Gifts from the rich and famous: Wantful partners with Nordstrom to expand its audience
Wantful, a startup that I described as "bringing the joy of anticipation back to gift-giving" last April, is today announcing that it has formed a partnership with, and accepted a strategic investment from, Nordstrom.
Wantful is unique in that you don't directly purchase anything from its website. Instead you order a booklet containing a number of products in your price range, which is then shipped to the gift's recipient, who is able to select a product and order it for themselves. Rather than giving a gift card to a single retailer or purchasing a horrible present, then, Wantful hopes to make it easier to give meaningful gifts that won't make their way to the recipient's junk drawer. This experience was previously limited to the Wantful website and iPad application, and now it's making the jump to Nordstrom.
"We have basically taken everything we have built for our consumer brand on Wantful and made it available to Nordstrom customers," says Wantful CEO John Poisson, who adds that Nordstrom has been "incredibly forward-thinking in their use of technology and the way they approach building great experiences for their customers." Wantful will make its way to a section of Nordstrom's website as "The Nordstrom Gift Collection by Wantful," where the century-old retailer will offer its customers access to the entire Wantful catalog.
The move mirrors Nordstrom's partnership-slash-investment with Bonobos, which saw the previously online-only company introduce its pants and shirts to a portion of Nordstrom's stores. This allowed Bonobos to attract new customers and, as we reported in March, played a role in the $30 million Bonobos raised to continue its growth. Nordstrom helped the company scale and attract some offline attention -- in turn, the retailer learned how to communicate with its customers via email and continued the investment in the technological side of its business that began with its $270 million acquisition of HauteLook.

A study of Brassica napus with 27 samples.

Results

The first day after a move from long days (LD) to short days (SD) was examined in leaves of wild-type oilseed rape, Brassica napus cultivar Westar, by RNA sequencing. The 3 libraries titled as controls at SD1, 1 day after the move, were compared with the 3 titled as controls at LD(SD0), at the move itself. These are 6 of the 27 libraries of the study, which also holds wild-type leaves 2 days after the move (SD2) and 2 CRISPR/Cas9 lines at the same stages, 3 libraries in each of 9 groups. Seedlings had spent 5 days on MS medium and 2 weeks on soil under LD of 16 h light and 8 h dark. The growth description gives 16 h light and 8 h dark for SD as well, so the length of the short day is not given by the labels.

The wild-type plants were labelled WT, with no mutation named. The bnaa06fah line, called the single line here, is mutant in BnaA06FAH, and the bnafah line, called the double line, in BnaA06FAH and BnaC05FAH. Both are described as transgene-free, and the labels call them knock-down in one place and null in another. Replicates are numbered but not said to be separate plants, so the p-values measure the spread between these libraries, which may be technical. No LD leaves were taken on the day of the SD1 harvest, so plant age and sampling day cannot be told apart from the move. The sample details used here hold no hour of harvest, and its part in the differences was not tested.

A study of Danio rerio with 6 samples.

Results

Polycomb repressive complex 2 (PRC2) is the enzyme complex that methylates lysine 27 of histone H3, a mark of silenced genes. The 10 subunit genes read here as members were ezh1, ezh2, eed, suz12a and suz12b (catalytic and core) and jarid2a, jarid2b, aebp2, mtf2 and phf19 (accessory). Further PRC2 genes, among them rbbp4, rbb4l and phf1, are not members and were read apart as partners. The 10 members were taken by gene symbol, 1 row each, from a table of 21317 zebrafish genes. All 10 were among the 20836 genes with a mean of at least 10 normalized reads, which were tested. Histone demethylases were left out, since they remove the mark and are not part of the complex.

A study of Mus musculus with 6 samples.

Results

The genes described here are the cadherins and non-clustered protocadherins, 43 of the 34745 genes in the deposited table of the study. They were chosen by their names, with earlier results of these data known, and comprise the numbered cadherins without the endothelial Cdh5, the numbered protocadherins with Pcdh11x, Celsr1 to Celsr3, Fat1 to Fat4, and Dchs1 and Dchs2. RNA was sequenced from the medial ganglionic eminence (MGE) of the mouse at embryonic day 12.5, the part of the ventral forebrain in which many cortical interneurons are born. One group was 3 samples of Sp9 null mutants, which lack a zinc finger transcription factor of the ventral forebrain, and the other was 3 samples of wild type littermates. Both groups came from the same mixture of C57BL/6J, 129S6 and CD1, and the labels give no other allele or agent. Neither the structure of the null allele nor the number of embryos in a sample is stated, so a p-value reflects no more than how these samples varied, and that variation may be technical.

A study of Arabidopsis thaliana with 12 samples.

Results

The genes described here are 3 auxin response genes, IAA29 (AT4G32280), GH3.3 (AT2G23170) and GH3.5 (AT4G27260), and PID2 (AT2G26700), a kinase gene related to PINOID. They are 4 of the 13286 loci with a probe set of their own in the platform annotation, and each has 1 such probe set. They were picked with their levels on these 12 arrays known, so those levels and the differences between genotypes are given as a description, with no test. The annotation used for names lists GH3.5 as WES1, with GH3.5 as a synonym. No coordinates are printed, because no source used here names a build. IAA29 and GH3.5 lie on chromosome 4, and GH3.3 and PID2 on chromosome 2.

According to a report from the New York Times, Nordstrom's initial attempt to enter the online realm was, as so many other retailers' were, lackluster. After launching a website that confused customers by offering different products and prices from Nordstrom's physical stores the company relaunched its online offering and has begun acquiring, partnering with, and investing in startups to continue evolving alongside technology. Call it the venture capital-funded fountain of youth through which a 112-year old business is able to remain relevant despite changes in the way people shop.
Bonobos taught Nordstrom how to better understand and communicate with its customers. Wantful might be able to show the retailer how to make its online gift-giving business more than just a gift card or poorly-picked item -- and, due to the investment-slash-partnership, Wantful will be brought before a whole slew of customers who otherwise might not have known that the company even existed.
"From Nordstrom's perspective, they're interested in bringing this gift experience to their customers, and part of that experience comes from the items that they don't carry," Poisson says. "From our perspective it's really about bringing what we do to a very large audience in a way that complements what we do on our own website." Wantful will continue to focus on its consumer-centric product will introducing new verticals, such as Wantful Corporate, and expanding its mobile offering. This partnership might simply allow Wantful to do all of those things a little bit quicker.